The various male chauvinist remarks of UKIP's economic spokesman, MEP Godfrey Bloom, have particularly exemplified reactionary views within the echelons of the party.
Some other remarks by Bloom however, regarding the UK's National Health Service, have gone under the radar to the same extent as UKIP's unvetted absurd and extremist local election candidates.
Bloom made these remarks on the NHS when being interviewed the radio show of American conspiracy theorist Alex Jones in December 2009 (before anyone asks me why I was listening to Jones's radio show, my answer is part research and part morbid curiosity):
Starting at around seven minutes
"What you're doing now we did in 1946-1947. We got rid of a perfectly good health system which was based on individuals and individuals' relationships with their own doctors and their own local hospitals, which were based on some part-charitable status part-fee paying status, and they brought in this terrible monolith called the National Health system. And the National Health system...we have bred a monster you wouldn't believe. It's the biggest employer in Europe. It costs literally billions and billions and billions of pounds [Bloom is obviously ignorant to how vastly more cost effective the NHS is when compared to the profit-driven U.S. healthcare system] a year. We've just wasted £8 billion, over $10 billion on a failed IT system. Nothing in the National Health system works. It's a sacred cow over here.
Bloom continues and decry the "socialist" healthcare reforms of President Barack Obama, and pleads voters to not adopt the same "disaster" he implies Aneurin Bevan's National Health Service to be. This cannot be construed a mere critique of the particular healthcare policies of the Labour government of the time. This is an all-out attack by Bloom on the very concept and existence of the National Health Service.
Though advocating elements of marketisation in the NHS, UKIP's official health policy asserts that a UKIP government would protect and defend the fundamental principle of a universal, free at the point of need, or what Godfrey Bloom would call "socialist", National Health Service: "The NHS is valued by the people of this country, admired and envied by others. The principle of treatment free at the point of delivery is non-negotiable."
This is definitely pandering overwhelming cross-party public support for and satisfaction with the NHS "sacred cow". It is astonishing that senior figure within a political party would be openly and entirely at odds with one of its fundamental manifesto tenants.
I have emailed Godfrey Bloom regarding his views on the NHS:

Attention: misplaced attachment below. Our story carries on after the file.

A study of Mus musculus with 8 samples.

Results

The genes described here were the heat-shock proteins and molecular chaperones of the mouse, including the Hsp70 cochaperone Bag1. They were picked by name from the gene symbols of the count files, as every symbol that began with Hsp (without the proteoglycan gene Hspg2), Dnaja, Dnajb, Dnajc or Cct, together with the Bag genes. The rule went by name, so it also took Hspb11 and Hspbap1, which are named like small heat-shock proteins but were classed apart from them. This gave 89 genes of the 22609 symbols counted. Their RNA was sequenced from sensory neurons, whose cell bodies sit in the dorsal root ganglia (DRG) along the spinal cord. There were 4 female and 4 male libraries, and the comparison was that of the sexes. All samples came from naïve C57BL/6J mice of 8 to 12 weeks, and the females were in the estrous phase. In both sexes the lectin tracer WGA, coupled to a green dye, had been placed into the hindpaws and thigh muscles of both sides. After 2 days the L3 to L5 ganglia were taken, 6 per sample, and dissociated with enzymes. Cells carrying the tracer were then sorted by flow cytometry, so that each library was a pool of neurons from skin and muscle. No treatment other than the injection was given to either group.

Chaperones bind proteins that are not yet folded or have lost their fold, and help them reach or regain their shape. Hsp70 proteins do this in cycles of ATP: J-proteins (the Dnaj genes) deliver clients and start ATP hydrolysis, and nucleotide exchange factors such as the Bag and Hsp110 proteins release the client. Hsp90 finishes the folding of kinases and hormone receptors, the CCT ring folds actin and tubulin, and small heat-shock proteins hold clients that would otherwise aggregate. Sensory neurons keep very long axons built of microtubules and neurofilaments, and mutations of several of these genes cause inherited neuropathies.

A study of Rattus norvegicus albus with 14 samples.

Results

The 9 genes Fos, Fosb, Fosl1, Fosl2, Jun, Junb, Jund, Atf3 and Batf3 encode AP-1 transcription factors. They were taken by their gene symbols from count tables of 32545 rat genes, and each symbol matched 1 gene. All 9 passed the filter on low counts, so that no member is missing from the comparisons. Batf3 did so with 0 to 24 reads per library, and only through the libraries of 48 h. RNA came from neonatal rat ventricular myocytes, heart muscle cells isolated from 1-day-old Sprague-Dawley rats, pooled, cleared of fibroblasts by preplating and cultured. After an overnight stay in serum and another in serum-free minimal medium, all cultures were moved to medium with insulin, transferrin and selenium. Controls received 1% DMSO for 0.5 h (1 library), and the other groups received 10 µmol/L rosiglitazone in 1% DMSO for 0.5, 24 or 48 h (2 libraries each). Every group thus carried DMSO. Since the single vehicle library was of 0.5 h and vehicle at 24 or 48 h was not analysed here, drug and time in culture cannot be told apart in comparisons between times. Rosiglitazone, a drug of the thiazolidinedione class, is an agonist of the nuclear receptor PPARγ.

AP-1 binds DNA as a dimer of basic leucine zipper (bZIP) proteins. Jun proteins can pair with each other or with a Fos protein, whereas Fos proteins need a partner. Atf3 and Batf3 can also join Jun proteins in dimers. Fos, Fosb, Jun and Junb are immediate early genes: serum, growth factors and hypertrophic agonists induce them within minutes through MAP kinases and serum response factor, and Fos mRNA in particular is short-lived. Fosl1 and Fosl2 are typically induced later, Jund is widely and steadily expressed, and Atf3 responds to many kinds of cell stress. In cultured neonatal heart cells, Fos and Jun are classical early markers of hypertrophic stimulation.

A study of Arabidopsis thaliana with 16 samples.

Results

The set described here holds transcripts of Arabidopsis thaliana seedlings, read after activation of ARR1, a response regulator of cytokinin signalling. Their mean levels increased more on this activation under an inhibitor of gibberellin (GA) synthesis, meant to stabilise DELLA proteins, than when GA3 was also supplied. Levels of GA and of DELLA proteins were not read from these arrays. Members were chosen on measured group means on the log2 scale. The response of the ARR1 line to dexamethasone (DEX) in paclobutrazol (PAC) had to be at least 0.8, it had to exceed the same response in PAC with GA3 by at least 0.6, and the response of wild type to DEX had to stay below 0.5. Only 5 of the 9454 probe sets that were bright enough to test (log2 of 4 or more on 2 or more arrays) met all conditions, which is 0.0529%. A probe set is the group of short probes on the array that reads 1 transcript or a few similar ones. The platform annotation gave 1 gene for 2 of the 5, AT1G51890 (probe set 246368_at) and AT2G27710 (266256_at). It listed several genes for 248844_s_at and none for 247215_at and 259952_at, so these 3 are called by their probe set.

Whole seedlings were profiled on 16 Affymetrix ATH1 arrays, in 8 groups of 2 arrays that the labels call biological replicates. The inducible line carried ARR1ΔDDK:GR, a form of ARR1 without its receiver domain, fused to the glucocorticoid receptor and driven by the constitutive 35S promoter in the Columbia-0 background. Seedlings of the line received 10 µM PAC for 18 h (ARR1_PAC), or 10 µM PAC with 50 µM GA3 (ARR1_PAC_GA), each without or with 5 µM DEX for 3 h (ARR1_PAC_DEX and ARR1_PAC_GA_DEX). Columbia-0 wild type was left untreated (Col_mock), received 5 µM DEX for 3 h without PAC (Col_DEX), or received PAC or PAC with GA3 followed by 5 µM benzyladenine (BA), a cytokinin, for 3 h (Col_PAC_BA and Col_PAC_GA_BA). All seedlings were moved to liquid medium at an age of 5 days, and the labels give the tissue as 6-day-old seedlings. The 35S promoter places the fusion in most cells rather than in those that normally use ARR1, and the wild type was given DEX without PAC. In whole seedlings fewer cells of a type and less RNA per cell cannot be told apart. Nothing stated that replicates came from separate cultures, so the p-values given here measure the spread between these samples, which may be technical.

Dear Mr. Bloom,
I am emailing you regarding some comments you made about Britain's National Health Service on Alex Jones' radio show in December 2009. The particular remarks, you made which I have transcribed from a YouTube video of the interview:
I understand that, in context, you may have been making critical remarks regarding the health policy of the Labour government of the time. But it seems to me that you are attacking the very concept of the National Health Service itself. Your description of it as a monstrous "socialist" monolith certainly seems to conflict with UKIP's own health policy; the website page for which describes the NHS as an "envy of the world". It seems peculiar to me that the views one of UKIP's most senior figures seems to conflict with his own party's policy position, which does advocate elements of marketisation, but nevertheless commits to protecting a free at the point of delivery single-payer healthcare system in the UK.
Have I interpreted your remarks wrongly? Please contact me, if you are able, so I can set the record straight publicly.
Might I get a response?
UPDATE - 7 May 2013
"Dear Mr Richardson
I think the fact that we have a system employing 1.3 million people, over half of whom have no medical qualifications of any sort, the waste on the IT programme, horrific reports from Staffordshire and other hospitals. Significant numbers of people in the system earning over £100,000 per annum, yet highly trained theatre nurses earn no more than the average wage shows how drastically the system needs reform.
Let me say my wife worked as a physiotherapist in the NHS for many years, a significant number of friends still do they all tell me without drastic reform the system will collapse. We may look at the French model of national health which seems based on a much better foundation.
All political parties now have accepted reform is essential, the real question is what sort of reform, clearly as I said the socialist/monolith system of 1948 is now completely out of date.
Our NHS policy is under review, it is not within my remit nor do I claim my views represent UKIP on this issue.
He does make decent points regarding longstanding problems within the NHS, though I would primarily attribute them to marketisation policy enacted under the New Labour government rather than 'monolithic socialism'.